Hello World! Welcome to the newest chapbook in Praxis Magazine Online‘s digital chapbook series, a powerful sequence of poems by Justice Gift Ogochukwu, edited by JK Anowe. Read the introduction below, then download and read broken home 101.
Introduction to broken home 101
by Laura M Kaminski (Halima Ayuba)
broken home 101 is a series of eighteen poems on the theme of domestic abuse. These poems are written from the perspective of a son after the funeral of an abused mother. The chapbook opens with a prelude “how to live in a broken home” and continues with seventeen additional poems exploring different facets of abuse, how it is denied by both abuser and abused, how abusers blame abused to justify their actions and absolve themselves, how the survival behaviors learned by a child are internalized in such a way that even after leaving, the “broken home” is carried inside the child into adulthood.
Layers and layers of silence are woven through these poems until the narrator and reader are suffocating with it – the practical silence of absenting the self to protect it:
silence is better than a broken song
stay near the exit
the silent façade of well-being pasted over the doorway of suffering:
when people asked how she was
she would bail back silence into her eyes
and iron her lips into a Sunday outfit
the speechless silence of extreme vulnerability that doesn’t even know how to begin to speak:
i’m a baby bird
with ashy throat
searching my armpit for how to chirp
The narrative persona in these poems explores the mother’s silence learned and adopted by the young child as a survival trait, the silence as a habitual protection against abuse not only in the broken home but in environments outside the home – until the interior person is so surrounded by it that abuse cannot get in –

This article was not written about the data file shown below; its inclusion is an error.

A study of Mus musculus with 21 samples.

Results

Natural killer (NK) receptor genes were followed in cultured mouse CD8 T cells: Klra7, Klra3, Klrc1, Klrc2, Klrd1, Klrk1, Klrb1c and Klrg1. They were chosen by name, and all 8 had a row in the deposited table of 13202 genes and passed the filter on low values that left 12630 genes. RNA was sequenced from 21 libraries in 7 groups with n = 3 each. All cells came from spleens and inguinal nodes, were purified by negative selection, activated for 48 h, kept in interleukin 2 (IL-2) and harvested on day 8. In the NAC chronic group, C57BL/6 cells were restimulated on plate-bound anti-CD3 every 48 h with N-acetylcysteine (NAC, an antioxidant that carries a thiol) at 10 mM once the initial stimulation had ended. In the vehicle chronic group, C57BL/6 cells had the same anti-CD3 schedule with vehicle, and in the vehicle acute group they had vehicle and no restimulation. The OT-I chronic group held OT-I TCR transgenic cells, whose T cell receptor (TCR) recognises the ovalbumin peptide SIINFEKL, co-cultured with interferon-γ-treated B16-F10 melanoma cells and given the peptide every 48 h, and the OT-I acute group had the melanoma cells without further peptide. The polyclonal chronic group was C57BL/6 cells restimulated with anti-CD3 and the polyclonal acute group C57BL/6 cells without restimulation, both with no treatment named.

people throw rotten names at me
the splatter is paint for the fence around my heart
and the interior person cannot get out, not even in prayer because the silence adds so much weight to everything:
i am afraid to empty my heart of heavy words.
The oppressive silence reaches a climax with the closing poem in the series: “how I became a man.” Here, the narrative persona has evolved from helplessness, from not knowing how to chirp to an adult that is finally able to speak out, to disengage from the abuse and disclaim it. Through the course of these poems, in the depth of all the silence, he has evolved from being a child defined by his broken-home environment –
is home not a pocket
where our fingers always go
to fetch fragments of ourselves
to an adult who has found his own voice. The final poem speaks of more than mere survival: it speaks with assurance, with redemption, with the courageous, dignified self-affirmation of one who has determined to be defined hereafter only by his own choices, not by an abusive father’s actions. Because I cannot in fairness quote the entire closing poem here in the introduction, I recommend this entire powerful sequence of poems to your attention.
Laura M Kaminski (Halima Ayuba)
Laura M Kaminski (Halima Ayuba) is Managing Editor at Praxis Magazine Online.